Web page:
The time has come. You’ve finally been invited to your first black tie event. And no, contrary to what the term implies, the requirement is usually for a tuxedo (though some do get away with wearing a regular, black colored tie). So what should we know about the entire Tuxedo outfit before we embark on our journey for our maiden one? Here we go, in Part One of our two part post:
A tuxedo (or dinner jacket in England) is a formal evening suit distinguished primarily by satin or grosgrain facings on the jacket lapels and buttons and a similar stripe along the outseam of the trousers. So how did the Tuxedo come to be known as it is? In 1886, the British Prince invited the son of a prominent New York Banker, James Brown Potter, to his hunting estate, and suggested local tailor Poole & Co. for the creation of a dinner jacket. He then wore the dinner suit to Tuxedo Park Club, a newly established residential country club for New York’s upper class. The suit proved to be so popular that it became the informal dining uniform of the club! Hence the name Tuxedo!
Jacket Style: The single breasted tuxedo jacket remains the most popular style. While a single button interpretation of the jacket is still considered the most formal in some circles, the two button single breasted tuxedo jacket has now become the de facto jacket.
Traditional choices for the fabric covering the lapel are silk, satin or grosgrain:
Silk –Shiny fabric produced by silkworms
Satin – A smooth, glossy fabric (often silk or polyester)
Grosgrain – (pronounced “grow grain”) is a heavy fabric in a twill or ribbed finish. Originally made of silk, it can also be made from cotton. In ribbed form, it can be used as the leg seam for formal trousers.
Lapel Style: While notched lapels have come to become the most popular type of tuxedo lapel, as adapted from everyday suits, they generally do not resemble the elegance and sophistication demonstrated by peak or shawl lapels. One school of thought is of the understanding that a notch lapel’s popularity is due to the fact that manufacturers save money by using the same pattern for both suits and tuxedos and that rental companies can rely on it to hold up better than delicate points of peak lapels during repeated wear and cleaning.
Peak Lapel: The Peak lapel was exceeding popular during the first half of the twentieth century, but has come back with a vengeance. It is broad and V-shaped, and points up like a peak, as it name suggests, not too far below the collar line. While it certainly looks more elegant than a notched lapel on a tuxedo, it is best suited for men in relatively good shape, as it draws attention to a slimmer body type.
Shawl Lapels: A shawl lapel boasts a smooth, rounded look that is completely different from the other two options. Because it wraps around as a collar as well, people refer to shawl lapels and shawl collars interchangeably. This type of lapel should only be reserved when you want to look as elegant as you possibly can! Again, as with the peaked lapel, a shawl lapel is best suggested for men who are in relatively good shape, as the shawl can accentuate roundedness on more portly men.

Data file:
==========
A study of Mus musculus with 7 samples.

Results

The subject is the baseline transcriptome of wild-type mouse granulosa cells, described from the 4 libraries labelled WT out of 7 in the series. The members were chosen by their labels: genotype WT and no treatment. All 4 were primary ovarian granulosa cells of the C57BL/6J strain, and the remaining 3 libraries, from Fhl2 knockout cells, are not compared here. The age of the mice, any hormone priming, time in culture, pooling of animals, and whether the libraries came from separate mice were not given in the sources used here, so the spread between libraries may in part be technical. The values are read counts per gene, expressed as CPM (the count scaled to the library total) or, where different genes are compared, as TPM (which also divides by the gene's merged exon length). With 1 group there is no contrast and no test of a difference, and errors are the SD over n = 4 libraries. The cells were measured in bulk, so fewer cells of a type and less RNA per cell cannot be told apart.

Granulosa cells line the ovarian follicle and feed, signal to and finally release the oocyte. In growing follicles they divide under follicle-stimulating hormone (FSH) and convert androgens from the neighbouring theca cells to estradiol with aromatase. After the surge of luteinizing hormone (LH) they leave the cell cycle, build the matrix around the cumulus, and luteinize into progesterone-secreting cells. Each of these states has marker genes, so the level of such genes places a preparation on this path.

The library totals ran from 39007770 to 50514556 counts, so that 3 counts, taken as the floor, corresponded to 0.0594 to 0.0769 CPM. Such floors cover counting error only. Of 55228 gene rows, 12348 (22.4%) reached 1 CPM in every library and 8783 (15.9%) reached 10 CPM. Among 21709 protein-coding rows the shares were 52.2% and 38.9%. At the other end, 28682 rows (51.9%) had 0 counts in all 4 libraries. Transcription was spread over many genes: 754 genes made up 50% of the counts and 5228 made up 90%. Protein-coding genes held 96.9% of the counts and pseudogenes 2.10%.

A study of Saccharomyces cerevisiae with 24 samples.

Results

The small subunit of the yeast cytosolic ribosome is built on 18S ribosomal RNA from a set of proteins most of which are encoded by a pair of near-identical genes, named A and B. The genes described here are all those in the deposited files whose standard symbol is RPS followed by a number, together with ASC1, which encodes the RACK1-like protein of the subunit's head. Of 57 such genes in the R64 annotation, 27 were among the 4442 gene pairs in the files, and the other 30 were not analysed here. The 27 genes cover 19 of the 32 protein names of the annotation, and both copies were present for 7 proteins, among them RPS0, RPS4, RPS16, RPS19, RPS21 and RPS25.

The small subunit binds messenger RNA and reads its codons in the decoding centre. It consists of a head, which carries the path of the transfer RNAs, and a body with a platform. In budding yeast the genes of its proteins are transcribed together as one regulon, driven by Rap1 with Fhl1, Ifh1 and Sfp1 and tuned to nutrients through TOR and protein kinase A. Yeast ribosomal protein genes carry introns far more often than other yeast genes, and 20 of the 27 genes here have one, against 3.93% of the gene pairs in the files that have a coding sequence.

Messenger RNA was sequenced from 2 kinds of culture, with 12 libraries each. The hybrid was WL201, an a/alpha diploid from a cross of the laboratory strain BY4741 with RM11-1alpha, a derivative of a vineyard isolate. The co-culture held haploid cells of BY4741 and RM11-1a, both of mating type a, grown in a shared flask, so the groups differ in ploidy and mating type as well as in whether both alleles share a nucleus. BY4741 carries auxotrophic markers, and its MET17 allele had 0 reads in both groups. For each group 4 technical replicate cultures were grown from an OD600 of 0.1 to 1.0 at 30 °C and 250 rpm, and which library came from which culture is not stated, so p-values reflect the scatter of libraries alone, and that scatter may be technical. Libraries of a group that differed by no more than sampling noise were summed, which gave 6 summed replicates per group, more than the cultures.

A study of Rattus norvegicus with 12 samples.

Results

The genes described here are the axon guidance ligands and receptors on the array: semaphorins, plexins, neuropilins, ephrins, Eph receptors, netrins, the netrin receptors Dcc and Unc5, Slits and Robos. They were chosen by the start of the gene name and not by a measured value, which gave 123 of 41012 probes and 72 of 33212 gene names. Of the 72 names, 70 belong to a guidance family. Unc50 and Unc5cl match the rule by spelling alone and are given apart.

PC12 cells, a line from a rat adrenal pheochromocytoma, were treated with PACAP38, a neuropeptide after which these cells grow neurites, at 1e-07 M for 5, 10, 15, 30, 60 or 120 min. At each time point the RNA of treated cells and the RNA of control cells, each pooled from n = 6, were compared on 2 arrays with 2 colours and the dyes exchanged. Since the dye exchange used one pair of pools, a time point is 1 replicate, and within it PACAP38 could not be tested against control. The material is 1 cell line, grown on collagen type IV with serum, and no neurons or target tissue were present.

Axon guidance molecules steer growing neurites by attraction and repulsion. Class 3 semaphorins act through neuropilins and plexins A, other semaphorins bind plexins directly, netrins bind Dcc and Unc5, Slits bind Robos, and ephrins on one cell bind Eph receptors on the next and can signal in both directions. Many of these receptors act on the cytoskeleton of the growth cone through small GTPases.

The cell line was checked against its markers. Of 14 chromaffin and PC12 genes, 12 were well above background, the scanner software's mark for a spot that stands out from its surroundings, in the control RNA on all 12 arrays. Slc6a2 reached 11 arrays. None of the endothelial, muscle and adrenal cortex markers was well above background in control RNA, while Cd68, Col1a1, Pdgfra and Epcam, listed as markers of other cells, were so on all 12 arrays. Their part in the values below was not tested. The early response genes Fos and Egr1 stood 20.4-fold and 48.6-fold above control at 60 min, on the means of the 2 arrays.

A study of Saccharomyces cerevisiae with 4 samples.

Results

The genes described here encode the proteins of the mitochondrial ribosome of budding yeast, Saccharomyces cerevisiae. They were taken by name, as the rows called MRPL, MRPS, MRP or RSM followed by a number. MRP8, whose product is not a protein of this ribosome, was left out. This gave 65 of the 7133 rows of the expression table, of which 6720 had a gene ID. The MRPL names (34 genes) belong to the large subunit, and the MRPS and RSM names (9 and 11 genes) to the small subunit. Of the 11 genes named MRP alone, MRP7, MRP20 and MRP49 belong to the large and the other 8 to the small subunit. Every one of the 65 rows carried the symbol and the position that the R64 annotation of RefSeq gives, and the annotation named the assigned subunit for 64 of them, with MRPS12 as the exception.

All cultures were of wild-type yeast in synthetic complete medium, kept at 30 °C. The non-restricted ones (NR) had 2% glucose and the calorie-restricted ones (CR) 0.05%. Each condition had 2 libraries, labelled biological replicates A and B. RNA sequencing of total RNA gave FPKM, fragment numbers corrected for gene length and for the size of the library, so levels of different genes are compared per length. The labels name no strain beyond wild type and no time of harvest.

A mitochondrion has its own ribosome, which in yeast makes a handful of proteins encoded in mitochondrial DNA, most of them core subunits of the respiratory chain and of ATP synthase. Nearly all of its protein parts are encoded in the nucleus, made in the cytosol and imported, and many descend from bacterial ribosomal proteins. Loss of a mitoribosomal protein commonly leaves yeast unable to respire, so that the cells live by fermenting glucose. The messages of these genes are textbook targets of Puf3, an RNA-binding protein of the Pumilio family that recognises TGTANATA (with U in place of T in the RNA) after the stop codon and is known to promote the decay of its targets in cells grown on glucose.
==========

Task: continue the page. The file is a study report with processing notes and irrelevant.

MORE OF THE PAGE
Shirt: A formal tuxedo shirt will typically have a pleated front (to the waist only, so that it doesn’t buckle when you sit down). This is the reason why the waist is always covered with either a cummerbund or waistcoat or double-breasted dinner jacket, which is never unbuttoned in public.
Shirt Pleats are typically refined ( ¼ inch to ½ inch only) with fewer pleats generally looking more elegant.
Shirt options include having a pleated front with studs or wearing buttons with a covered front placket. Since the 1980’s, shirts of both collar types have been appearing increasingly often with fly fronts (concealed plackets). While this style eliminates the use of traditional studs, the fact that the buttons are hidden are a perfect compliment for the minimalism associated with a tuxedo.
Shirt collar styles can include wing tip or straight collar. A wing tip color is considered more in line with the elegance that a tuxedo demands. Historically, wing tip collars for tuxedo dress shirts used to be regular white shirts with a detachable collar. These collars were constructed with high length and with very firm tabs. Today, the modern dress shirt comes with an attached collar, just as with a business shirt. However, one should pay attention to the details of the modern tuxedo shirt collar as the collar should closely resemble its historical counterpart. The modern version must imitate the original’s prime characteristics: it must be tall enough to properly cover the neck (almost all the way up to the jaw line), it must be stiff enough to stand straight up throughout the evening and its tabs must be sizeable enough to not be engulfed by the bow tie. This is not problematic for the modern style wing collar that is swept down, but if you are opting for the classic high wing tipped collar, careful consideration should be paid to this.
Trousers: Trousers should match the jacket, be cut for braces (suspenders) only, and have a stripe up the outside leg on the seam of satin, silk or grosgrain (matching the facing of the jacket lapel). While tuxedo pants can be pleated, given the modern man’s inclination towards fitted jackets, for both suits and tuxedos, flat front pants would be the ideal option. And most importantly, never opt for cuffs on your tuxedo pants!
More to come on Tuxedo wear in our upcoming post Tuxedo Wear: Part 2.
As always, comments and suggestions are welcome.